Republican candidate Donald Trump would benefit financially from taking the American troops out of South Korea, who’ve kept the peace for a generation and enabling our two countries to become economic partners – and probably to build the very screen you’re using to read this story. Trump’s business ties in Korea are an egregious conflict of interests, which would leave the greedy developer to choose between making money and keeping America safe from nuclear threats. If American voters choose Trump’s “yankee go home” policy over the Democratic candidate’s containment policies, we may be facing nuclear tipped missiles owned by the mad dictator of a country still at war with America. According to new reports:
Earlier this year, [Donald Trump] said South Korea should plan to shoulder its own military defense rather than relying on the United States, including the development of nuclear weapons. (He later denied making that statement, which was video-recorded.) One of the primary South Korean companies involved in nuclear energy, a key component in weapons development, is Trump’s partner—Daewoo Engineering and Construction. It would potentially get an economic windfall if the United States adopted policies advocated by Trump.
It took ten weeks to discover why the evil North Korean dictatorship endorsed Republican Donald Trump for President, and while it seemed laughable in June, now the xenophobic regime’s latest, largest nuclear bomb test raises the stakes.
The horrifying conflicts of interest Republican nominee Donald Trump’s international business ties create continues to provide serious national security reasons why voters absolutely must choose Democrat Hillary Clinton this November, as Newsweek documented in depth this week:
The idea of selling the Trump brand name to overseas developers emerged as a small piece of the company’s business in the late 1990s. At that time, two executives from Daewoo Engineering and Construction met with Trump at his Manhattan offices to propose paying him for the right to use his name on a new complex under development, according to former executives from the South Korean company. Daewoo had already worked with the Trump Organization to build the Trump World Tower, which is close to the Manhattan headquarters of the United Nations. The former Daewoo executives said Trump was at first skeptical, but in 1999 construction began on the South Korean version of Trump World, six condominium properties in Seoul and two neighboring cities. According to the two former executives, the Trump Organization received an annual fee of approximately $8 million a year.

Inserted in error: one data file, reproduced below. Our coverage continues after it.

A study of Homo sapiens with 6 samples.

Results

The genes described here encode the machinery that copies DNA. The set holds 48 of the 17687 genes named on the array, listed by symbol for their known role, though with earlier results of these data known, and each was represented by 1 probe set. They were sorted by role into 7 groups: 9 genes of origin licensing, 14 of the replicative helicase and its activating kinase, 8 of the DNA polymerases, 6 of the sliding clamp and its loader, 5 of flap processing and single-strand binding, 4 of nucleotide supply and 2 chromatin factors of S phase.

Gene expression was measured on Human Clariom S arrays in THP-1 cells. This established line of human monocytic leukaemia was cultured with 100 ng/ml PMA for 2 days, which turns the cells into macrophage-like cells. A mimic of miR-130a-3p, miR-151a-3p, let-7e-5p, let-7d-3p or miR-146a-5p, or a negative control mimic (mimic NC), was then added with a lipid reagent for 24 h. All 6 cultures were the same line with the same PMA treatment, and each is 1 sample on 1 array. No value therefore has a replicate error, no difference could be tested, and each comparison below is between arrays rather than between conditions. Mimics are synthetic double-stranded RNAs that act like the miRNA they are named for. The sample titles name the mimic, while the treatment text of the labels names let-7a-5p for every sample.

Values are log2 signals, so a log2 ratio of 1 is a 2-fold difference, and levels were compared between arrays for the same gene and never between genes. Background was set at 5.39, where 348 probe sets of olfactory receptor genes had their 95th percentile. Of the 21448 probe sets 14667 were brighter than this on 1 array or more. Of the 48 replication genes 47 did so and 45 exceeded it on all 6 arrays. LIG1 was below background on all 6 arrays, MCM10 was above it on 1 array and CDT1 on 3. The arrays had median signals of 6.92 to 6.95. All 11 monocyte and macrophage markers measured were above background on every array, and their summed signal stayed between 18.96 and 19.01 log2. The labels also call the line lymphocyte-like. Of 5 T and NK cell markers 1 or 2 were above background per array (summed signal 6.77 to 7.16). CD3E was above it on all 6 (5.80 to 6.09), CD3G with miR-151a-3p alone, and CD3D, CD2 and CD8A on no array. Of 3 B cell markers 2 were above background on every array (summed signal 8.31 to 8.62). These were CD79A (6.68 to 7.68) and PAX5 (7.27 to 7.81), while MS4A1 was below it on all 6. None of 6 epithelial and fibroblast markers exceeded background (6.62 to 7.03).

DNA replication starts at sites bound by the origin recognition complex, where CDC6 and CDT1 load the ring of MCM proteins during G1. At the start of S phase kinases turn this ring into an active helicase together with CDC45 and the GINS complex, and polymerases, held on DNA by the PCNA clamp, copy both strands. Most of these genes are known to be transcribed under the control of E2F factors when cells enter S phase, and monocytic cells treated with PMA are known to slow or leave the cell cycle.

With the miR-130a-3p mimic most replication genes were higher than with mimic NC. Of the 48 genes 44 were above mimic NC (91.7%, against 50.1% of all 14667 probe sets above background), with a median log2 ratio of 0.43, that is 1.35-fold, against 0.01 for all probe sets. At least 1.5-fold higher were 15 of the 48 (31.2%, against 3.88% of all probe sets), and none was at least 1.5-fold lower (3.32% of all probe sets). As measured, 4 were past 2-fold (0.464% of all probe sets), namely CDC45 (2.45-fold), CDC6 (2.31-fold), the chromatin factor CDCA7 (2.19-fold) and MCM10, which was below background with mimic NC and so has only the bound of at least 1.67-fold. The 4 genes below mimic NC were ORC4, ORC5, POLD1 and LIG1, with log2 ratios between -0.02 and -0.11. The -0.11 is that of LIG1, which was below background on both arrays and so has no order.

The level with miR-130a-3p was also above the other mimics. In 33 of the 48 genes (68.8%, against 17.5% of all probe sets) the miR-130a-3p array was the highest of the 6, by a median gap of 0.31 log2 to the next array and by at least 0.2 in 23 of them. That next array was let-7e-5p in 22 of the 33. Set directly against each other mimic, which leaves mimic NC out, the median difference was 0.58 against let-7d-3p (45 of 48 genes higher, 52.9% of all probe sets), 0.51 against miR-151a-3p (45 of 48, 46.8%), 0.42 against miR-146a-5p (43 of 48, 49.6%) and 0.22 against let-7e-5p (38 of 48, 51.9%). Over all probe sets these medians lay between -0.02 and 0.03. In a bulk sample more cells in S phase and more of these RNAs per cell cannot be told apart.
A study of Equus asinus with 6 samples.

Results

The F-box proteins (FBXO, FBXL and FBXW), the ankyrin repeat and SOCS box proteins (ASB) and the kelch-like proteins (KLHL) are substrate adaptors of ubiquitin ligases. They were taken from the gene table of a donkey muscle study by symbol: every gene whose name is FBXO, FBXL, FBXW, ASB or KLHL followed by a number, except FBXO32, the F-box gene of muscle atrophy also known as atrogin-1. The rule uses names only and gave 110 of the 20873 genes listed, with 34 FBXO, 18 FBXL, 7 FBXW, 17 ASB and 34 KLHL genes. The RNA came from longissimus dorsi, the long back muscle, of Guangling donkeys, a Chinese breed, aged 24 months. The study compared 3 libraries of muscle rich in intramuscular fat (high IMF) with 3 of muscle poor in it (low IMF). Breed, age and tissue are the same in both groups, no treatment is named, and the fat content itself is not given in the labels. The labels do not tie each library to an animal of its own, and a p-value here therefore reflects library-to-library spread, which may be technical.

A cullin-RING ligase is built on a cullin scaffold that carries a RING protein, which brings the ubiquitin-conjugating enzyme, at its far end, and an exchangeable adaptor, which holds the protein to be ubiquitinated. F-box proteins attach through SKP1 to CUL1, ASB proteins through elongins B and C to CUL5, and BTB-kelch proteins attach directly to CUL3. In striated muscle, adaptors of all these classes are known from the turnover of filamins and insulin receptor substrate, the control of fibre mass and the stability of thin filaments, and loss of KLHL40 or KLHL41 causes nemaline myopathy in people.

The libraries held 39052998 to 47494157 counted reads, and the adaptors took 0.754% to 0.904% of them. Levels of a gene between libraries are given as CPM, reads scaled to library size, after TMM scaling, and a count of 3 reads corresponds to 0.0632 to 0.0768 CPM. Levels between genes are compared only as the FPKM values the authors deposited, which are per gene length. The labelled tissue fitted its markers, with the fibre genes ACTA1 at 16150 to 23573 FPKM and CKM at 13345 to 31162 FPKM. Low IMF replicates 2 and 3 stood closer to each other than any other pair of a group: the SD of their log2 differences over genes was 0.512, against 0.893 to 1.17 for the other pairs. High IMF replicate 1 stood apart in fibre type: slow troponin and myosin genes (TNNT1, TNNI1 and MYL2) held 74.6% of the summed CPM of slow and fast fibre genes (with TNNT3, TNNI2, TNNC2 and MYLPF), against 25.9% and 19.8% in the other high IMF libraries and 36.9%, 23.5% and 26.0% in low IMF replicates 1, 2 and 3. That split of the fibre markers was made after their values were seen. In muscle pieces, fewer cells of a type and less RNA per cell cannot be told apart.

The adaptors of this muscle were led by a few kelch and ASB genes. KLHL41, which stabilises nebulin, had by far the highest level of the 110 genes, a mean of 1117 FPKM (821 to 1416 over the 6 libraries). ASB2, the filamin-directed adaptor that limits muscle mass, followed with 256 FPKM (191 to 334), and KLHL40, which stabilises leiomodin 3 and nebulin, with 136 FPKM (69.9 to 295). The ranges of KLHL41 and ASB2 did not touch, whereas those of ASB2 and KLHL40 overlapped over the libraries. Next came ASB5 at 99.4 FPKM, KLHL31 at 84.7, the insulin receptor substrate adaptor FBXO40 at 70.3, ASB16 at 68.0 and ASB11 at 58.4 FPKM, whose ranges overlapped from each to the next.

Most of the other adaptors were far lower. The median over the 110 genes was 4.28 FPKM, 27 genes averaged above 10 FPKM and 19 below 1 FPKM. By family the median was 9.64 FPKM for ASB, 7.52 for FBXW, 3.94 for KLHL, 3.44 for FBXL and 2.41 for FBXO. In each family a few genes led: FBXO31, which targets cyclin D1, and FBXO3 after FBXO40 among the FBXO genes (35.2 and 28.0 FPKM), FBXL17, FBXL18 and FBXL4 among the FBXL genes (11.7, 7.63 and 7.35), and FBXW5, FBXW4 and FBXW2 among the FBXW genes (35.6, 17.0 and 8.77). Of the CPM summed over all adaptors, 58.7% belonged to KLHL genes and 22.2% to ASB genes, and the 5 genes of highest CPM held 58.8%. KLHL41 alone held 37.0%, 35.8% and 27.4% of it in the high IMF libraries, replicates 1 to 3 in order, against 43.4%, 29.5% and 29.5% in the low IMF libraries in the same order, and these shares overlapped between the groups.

Shortly after the deal was signed, the parent company of Daewoo Engineering and Construction, the Daewoo Group, collapsed into bankruptcy amid allegations of what proved to be a $43 billion accounting fraud. The chairman of the Daewoo Group, Kim Woo Choong, fled to North Korea; he returned in 2005, was arrested and convicted of embezzlement and sentenced to 10 years in prison. According to the two former Daewoo executives, a reorganization of Daewoo after its bankruptcy required revisions in the Trump contract, but the Trump Organization still remains allied with Daewoo Engineering and Construction.
It’s bad enough that the Republican candidate for President is indebted for billions of dollars to banks across the world, giving them an inherent leverage over his position, which the New York Times pointed out as creating an unsolvable conflict of interest for Trump. The result of those conflicts of interest were also put on blunt display by the New York Magazine to who called Trump the “Most Corrupt Candidate Ever” because of his conflicted interest specifically in making a campaign visit to his own golf course in Scotland the day after their infamous “Brexit” vote and saying how much more money he could make if England’s currency got weaker.
A conflicted interest on such an important national security matter is plainly intolerable for any candidate seeking the office of President, and while Donald Trump has made more disqualifying statements in a week than most other political candidates in a lifetime, his conflicted position on Korea, which led Kim Jong Il to endorse the Republican’s candidacy should scare everyone all the more, now that we know Trump’s policy was just to help one of his many side businesses.
Grant Stern is the Executive Editor of Occupy Democrats and published author. His new Meet the Candidates 2020 book series is distributed by Simon and Schuster. He's also mortgage broker, community activist and radio personality in Miami, Florida., as well as the producer of the Dworkin Report podcast. Grant is also an occasional contributor to Raw Story, Alternet, and the DC Report, and an unpaid senior advisor to the Democratic Coalition.